Would you like fries with that? Too bad, we’re being told the usual crop of potatoes from Australian farms has been either delayed or ruined by cold, wet weather.
If KFC having to substitute cabbage for lettuce on their burgers in 2022 wasn’t bad enough, as well as a shortage of oysters and cherries, the slew of food shortages has now hit the sacred potato chip, just as half of us are all on holidays at the South Coast too, waiting in line for a big box of them.
The situation has grown so dire Roy’s Fish and Chip Takeaway Café in Batemans Bay put up a sign on their front window on New Year’s Day that read: “Due to potato shortages, we have run out of chips so we cannot open. Sorry for the inconvenience.:
That was the second time that week they had to close.
“The good-quality brand we normally use just isn’t available anymore,” owner Roy Samarawickrama says.
“The supplier says they’ll have more stock in January, but they can’t give a date yet.
“After years of COVID and bushfires, we were hoping for a return to business as usual, but then this happened.”
Roy says the issue has been rumbling for several months but came to a head in the lead-up to Christmas. Around the same time in early December, supermarket giant Coles also placed a temporary purchase limit of two bags on their frozen chips, citing extensive flooding along Australia’s east coast.
It’s a particularly bad turn for businesses that use what they earn in this busier summer period to help keep them going over the quieter, colder months. All but Coles’ potato gems might be back on the shelves, but Roy can’t see an end in sight for the local fish and chip stores.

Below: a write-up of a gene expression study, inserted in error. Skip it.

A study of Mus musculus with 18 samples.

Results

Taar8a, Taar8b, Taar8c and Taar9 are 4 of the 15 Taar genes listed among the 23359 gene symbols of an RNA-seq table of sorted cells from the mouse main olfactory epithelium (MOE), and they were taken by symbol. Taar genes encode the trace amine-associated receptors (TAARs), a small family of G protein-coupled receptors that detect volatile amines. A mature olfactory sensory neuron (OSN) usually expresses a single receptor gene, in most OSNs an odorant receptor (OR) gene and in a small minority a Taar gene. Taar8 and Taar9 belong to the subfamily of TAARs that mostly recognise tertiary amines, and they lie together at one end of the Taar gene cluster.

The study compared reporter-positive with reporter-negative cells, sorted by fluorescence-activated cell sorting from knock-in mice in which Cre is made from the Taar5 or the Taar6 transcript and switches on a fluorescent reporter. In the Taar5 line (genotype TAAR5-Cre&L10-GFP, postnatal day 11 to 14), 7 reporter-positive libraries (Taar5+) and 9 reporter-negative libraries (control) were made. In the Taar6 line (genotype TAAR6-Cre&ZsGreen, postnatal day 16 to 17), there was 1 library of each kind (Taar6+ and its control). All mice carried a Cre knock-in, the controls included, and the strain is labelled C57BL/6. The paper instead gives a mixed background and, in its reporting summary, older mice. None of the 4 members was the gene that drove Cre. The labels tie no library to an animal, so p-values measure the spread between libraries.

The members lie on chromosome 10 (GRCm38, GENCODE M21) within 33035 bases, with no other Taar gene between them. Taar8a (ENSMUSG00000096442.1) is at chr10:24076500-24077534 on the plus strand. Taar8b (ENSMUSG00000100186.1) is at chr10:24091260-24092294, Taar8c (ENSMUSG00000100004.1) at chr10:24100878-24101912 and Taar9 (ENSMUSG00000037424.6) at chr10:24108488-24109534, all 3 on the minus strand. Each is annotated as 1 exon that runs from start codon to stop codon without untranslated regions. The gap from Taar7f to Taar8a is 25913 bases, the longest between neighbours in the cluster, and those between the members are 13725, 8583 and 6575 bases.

“I hope it gets better, but I can’t say for definite if it is or not yet,” he says.
The shortage, while widespread, seems to hit some suppliers harder than others. Neil Innes from Batemans Bay’s Innes Boatshed – “famous for our fish and chips” – is keeping up with demand.
“We were under the understanding there would be a shortage, but at this point, our supplier has been able to supply our requirements,” he says.
Further south in Narooma, Blue Water Seafood is only open thanks to a stockpile of chips in their chest freezer, albeit a dwindling one.
“We’re pretty lucky to have a huge freezer,” owner Kylie McGill says.
“We predicted this might happen so we over-ordered early. We’re starting to run low now, but if we hadn’t over-ordered, we would have had to close.”
Kylie only took on the business in October 2022 and says the struggle to find chips has been somewhat of a baptism of fire.
“We’ve had to change brands a few times just to get enough supply because if we can’t sell what we want to sell now, it’s going to affect the next 12 months of business.”
Potatoes aren’t the only shortage businesses on the South Coast are enduring.
“We’ve been shut, not due to potato shortages, but staff shortages for the past couple of nights,” Kylie says.
“It’s just hard to find people who want to work at the moment.”